David Goldman

Social workers, speech therapists and others who work with children with special needs are raising concerns about a new state regulation that interferes with their ability to effectively help children.

The new regulation from the state Office of Children and Family Services (OCFS) is meant to ensure all licensed day care center employees have background checks. It’s something speech, physical and other therapists already have through the state Department of Education. However, they usually aren’t employees of a single daycare centers and often help children at several.

The OCFS refuses to recognized their existing background clearances and won’t allow therapists to get new ones through their agency. As a result, therapists can only work with children in the presence of an authorized daycare employee or in the classroom filled with other students. 

Gretchen Jacobs is a speech therapist and Director of Education Services at the Racker Center in Ithaca.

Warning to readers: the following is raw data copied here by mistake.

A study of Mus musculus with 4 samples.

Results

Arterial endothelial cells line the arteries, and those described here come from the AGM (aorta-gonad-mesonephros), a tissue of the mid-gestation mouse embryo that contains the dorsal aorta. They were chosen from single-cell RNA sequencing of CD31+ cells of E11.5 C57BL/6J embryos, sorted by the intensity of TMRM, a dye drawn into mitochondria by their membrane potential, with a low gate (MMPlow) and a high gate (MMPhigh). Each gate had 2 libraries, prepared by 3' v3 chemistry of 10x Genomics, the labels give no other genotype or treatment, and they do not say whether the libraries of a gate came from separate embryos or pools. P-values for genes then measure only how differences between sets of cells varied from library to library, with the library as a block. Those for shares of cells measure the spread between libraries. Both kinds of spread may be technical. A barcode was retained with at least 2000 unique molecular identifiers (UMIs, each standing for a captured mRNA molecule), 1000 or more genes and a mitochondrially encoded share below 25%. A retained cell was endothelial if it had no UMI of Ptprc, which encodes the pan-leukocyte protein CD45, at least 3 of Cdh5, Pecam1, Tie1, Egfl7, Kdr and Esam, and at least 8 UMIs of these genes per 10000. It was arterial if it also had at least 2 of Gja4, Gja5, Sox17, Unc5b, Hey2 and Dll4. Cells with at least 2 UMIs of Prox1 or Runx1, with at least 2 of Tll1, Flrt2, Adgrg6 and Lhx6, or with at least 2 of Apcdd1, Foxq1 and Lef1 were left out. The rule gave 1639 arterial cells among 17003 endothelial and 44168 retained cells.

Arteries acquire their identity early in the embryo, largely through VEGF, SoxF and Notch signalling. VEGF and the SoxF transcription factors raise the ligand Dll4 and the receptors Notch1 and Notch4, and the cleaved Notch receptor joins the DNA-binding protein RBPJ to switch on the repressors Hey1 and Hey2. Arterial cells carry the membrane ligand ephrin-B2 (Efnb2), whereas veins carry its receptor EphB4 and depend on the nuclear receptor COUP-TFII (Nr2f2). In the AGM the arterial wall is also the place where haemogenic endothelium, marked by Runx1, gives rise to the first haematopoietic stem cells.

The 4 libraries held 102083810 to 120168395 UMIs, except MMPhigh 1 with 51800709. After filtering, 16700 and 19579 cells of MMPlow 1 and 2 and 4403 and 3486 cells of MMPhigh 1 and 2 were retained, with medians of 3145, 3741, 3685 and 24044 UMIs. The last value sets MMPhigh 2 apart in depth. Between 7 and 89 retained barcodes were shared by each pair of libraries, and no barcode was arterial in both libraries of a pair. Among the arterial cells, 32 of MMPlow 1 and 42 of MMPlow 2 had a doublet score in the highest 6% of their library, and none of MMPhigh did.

She said because of new regulation, children are not getting the one-on-one treatment they are supposed to and that’s bad for their development.

“What’s happening with this new requirement is that those therapists have to be supervised which means they’re pushing in,” she said, “they’re doing all of their services in the classroom.”

Jacobs said therapists statewide are have concerns about the children’s privacy rights, as well because they are responsible for protecting children’s healthcare privacy (HIPPA) rights.

A state Office of Children and Family Services official told public radio's WSKG they are aware of concerns and are working on a response. 

A meeting of providers on Friday included discussion of the issue. No one at the Tompkins County Department of Health would respond to our requests for interviews.

A public comment period about the new regulation ends Monday.